The National Consumer Commission (NCC) has launched an investigation into allegations of price gouging relating to garlic and ginger products.
“The law defines price gouging as an unfair or unreasonable price increase that does not correspond to or is not equivalent to the increase in the cost of providing that good or service,” the NCC said on Wednesday.
The investigation follows an outcry by consumers in the media including social media platforms regarding alleged excessive prices of both products by various suppliers.
Consumer and Customer Protection and National Disaster Management Regulations and Directions, issued in terms of Regulation 350 of Government Notice 43116 contains a list of 22 essential products, which a supplier must not charge unfair or at an unreasonable price.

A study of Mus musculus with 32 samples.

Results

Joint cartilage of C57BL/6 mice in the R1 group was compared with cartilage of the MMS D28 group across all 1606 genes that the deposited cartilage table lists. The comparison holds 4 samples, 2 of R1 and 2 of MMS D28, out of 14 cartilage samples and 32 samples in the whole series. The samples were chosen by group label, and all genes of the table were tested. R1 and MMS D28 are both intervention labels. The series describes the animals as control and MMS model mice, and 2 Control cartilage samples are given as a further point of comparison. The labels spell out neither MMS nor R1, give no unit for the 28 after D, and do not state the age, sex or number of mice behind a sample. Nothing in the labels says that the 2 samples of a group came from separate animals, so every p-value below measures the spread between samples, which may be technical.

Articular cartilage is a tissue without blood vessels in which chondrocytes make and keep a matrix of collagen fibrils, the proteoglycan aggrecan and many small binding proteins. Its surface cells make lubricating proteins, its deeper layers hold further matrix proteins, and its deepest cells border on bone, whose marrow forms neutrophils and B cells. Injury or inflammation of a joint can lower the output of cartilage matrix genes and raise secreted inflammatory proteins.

“This was done to protect consumers against unconscionable, unfair, unreasonable, unjust or improper commercial practises during the national disaster,” the NCC said.
Acting Consumer Commissioner Thezi Mabuza said the commission initiated this investigation, as empowered by Section 71 of the Consumer Protection Act (CPA), following the public response.
“The purpose of the CPA is, amongst others, to reduce and ameliorate any disadvantages experienced in accessing any supply of goods or services by consumers,” Mabuza said.
The investigations into the following companies have commenced:
“Our investigation is not limited to these suppliers. We urge consumers throughout the country to monitor the market and where they suspect excessive price increase, they must file complaints with the commission.
“These allegations, if proven true, would constitute a violation of Regulation 350 and an imposition fine of up to R1,000,000 or up to 10% of a supplier’s annual turnover or even imprisonment for a period not exceeding 12 months,” Mabuza said.
Consumers are urged to lodge complaints by contacting the NCC at 0800 014 880 or 012 428 7000 during office hours.